As hundreds of MAGA rioters stormed the U.S. Capitol last January, prosecutors say five members of the far-right militia group Oath Keepers were executing a long-planned mission: “an armed rebellion to shatter a bedrock of American democracy.”
The argument, made Monday in D.C. federal court, launched the most significant trial yet over the insurrection intended to stop the certification of President Joe Biden’s win over Donald Trump in the 2020 election. Prosecutors say that unlike some rank-and-file conspiracy theorists—many of whom have already been convicted—Stewart Rhodes, the founder of the Oath Keepers, and four of his acolytes plotted for weeks to subvert democracy.
Officially, the five defendants are charged with seditious conspiracy, a rare Civil War-era charge which is by far the most serious lobbed at anyone in connection with the riot and means a maximum sentence of 20 years in prison. They have all pleaded not guilty.
“Their goal was to stop by whatever means necessary the lawful transfer of presidential power, including by taking up arms against the United States government,” Assistant U.S. Attorney Jeffrey Nestler said during his opening statement on Monday. “They did not go to the Capitol to defend or help; they went to attack.”
Prosecutors allege that “like a general,” Rhodes surveyed his “troops” during the riot as they breached the Capitol, coordinating with groups that had stockpiles of weapons outside of D.C. Just days after the insurrection, Nestler said, Rhodes told an associate they “should’ve brought rifles” and indicated he thought Trump was going to continue to dispute the election. (While Trump did say he would yield power in the aftermath of the bloody riot, the election lies that fueled it remain the lifeblood of the GOP and his own political identity.)
In a recording of the same conversation played for jurors on Monday, Rhodes says that his group could have “fixed it right then and there” if they had weapons with them at the Capitol.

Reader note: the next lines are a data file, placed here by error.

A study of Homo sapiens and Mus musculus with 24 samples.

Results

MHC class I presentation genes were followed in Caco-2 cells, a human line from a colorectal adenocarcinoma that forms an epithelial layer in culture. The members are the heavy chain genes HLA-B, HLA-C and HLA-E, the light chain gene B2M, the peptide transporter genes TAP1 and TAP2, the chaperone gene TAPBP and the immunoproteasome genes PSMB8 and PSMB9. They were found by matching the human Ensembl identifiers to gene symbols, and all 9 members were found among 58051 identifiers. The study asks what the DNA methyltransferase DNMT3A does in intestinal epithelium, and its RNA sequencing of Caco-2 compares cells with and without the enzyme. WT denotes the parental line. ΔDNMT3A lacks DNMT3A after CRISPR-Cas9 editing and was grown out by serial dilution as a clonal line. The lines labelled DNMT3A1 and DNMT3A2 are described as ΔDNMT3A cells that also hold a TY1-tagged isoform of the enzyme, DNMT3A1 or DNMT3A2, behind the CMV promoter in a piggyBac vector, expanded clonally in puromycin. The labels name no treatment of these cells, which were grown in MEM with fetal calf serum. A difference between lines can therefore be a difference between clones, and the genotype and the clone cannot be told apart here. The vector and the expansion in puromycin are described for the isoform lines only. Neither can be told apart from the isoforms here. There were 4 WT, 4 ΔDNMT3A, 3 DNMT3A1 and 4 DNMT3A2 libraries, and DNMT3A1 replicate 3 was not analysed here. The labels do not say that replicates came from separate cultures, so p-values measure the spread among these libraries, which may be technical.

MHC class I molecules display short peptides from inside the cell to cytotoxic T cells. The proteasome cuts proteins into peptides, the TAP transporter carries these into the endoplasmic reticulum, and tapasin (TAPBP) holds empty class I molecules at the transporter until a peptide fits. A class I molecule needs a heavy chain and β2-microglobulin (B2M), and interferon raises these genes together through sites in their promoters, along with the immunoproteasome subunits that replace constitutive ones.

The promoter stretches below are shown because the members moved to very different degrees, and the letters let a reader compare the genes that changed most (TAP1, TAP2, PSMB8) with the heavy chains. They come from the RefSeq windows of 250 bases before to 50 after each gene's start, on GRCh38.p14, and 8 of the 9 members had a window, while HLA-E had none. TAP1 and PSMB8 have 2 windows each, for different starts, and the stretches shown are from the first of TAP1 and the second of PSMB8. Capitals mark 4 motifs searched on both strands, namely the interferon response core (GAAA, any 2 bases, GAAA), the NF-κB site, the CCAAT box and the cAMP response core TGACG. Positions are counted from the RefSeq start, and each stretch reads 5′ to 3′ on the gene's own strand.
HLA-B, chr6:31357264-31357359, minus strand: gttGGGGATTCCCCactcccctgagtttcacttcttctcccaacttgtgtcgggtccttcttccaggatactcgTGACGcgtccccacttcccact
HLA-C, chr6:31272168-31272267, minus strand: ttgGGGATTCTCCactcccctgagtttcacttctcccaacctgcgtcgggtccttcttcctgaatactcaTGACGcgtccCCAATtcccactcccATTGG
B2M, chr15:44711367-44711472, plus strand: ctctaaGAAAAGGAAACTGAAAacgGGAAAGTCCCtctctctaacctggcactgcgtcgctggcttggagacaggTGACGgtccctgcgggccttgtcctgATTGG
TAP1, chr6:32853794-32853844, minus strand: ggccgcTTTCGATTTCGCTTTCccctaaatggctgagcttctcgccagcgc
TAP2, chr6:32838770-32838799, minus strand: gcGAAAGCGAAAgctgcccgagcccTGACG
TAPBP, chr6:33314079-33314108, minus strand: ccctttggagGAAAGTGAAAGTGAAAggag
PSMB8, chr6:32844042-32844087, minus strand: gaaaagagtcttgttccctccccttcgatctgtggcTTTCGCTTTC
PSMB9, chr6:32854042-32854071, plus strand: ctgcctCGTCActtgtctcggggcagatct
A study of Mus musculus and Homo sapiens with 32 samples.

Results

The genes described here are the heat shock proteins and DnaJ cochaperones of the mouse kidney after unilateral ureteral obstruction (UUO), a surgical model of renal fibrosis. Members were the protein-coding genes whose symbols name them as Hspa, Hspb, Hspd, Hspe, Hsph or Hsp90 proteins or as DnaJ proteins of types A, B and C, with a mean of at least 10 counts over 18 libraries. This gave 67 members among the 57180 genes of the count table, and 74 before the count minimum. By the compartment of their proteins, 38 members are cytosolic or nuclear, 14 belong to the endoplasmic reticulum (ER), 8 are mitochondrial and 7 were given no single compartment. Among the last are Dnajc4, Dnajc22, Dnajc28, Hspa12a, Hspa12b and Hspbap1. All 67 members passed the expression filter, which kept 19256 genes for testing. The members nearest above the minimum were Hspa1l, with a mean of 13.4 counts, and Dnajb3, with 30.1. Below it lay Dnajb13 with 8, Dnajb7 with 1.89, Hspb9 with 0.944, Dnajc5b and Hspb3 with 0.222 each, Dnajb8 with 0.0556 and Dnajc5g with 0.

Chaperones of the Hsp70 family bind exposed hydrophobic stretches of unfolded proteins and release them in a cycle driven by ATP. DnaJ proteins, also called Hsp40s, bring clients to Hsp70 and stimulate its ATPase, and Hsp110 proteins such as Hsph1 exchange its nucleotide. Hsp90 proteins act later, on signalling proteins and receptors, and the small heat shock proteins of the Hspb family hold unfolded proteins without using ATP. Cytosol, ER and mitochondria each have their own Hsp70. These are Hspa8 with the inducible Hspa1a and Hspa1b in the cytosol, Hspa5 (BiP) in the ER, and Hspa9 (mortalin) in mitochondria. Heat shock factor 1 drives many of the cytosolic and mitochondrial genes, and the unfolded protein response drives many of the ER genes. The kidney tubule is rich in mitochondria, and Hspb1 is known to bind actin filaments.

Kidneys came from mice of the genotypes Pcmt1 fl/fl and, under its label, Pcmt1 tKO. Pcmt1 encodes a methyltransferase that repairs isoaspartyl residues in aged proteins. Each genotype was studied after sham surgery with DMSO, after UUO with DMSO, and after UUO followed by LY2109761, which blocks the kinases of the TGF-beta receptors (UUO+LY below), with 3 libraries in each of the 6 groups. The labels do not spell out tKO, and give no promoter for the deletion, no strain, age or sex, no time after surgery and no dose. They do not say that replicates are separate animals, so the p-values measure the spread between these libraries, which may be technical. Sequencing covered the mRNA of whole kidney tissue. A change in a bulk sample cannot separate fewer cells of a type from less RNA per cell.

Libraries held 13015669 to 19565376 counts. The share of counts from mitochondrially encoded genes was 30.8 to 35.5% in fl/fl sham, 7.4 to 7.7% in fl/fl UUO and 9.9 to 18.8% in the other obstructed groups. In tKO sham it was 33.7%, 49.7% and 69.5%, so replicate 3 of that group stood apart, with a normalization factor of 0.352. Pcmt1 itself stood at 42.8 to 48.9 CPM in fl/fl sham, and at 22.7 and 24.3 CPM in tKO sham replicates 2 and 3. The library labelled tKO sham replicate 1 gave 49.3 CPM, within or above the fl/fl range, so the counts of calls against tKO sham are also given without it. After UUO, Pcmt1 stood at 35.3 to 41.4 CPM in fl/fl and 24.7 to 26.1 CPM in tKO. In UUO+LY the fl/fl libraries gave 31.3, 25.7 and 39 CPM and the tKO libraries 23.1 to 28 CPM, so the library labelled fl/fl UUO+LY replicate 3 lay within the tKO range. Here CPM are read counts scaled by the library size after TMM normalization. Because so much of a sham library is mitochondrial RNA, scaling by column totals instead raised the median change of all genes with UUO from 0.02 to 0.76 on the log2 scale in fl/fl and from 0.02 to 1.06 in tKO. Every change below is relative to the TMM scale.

On Monday, Rhodes’ lawyer revealed that the founder—himself a graduate of Yale Law School—intended to testify on his own behalf. Broadly, defense attorneys say their clients’ anger at the election was taken out of context and that their actions on Jan. 6 were not violent. Philip Linder, Rhodes’ lawyer, said the Oath Keepers were waiting for Trump to invoke the Insurrection Act, which would have allowed them to use force to support him.
“Even though it may look inflammatory, they did nothing illegal,” Linder said during his opening statement on Monday, before arguing to the jury that the Oath Keepers were a “peacekeeping force” that merely went to the Capitol to provide security for speakers throughout that bloody week.
Standing trial with Rhodes are Kelly Meggs, leader of the Florida Oath Keepers chapter; member Kenneth Harrelson; Thomas Caldwell, a retired Navy intelligence officer; and Jessica Watkins, who was the leader of an Ohio militia group.
Nestler on Monday alleged that Meggs told a friend that he was looking for House Speaker Nancy Pelosi as he went through the House chamber during the riots. “[On] the evening of Jan. 6, after Meggs told an associate that ‘we’ busted in,’ the associate said he was hoping to see ‘Nancy’s head rolling down the front steps,’” the prosecutors told jurors. “And what did Kelly Meggs confirm in response? ‘We looked for her.’”
Jonathan Crip, an attorney for Watkins, told jurors on Monday that his client is a transgender woman who was “haunted” after her enlistment with the military abruptly ended. “The things she said were at times offensive and just plain wrong,” Crisp added, according to Politico. “The context matters.”
Federal authorities have described the Oath Keepers as “a large but loosely organized collection of [the] militia who believe that the federal government has been co-opted by a shadowy conspiracy that is trying to strip American citizens of their rights” and who heavily recruit former military, law enforcement, and first responders.
Among the group’s earlier forays onto the national scene was their vigilante-style presence in Ferguson, Missouri, after the police killing of Michael Brown in 2014. In 2020, they inserted themselves into the fray in Louisville, Kentucky, where protests had erupted over the police killing of Breonna Taylor, an unarmed Black woman shot during a dubious raid.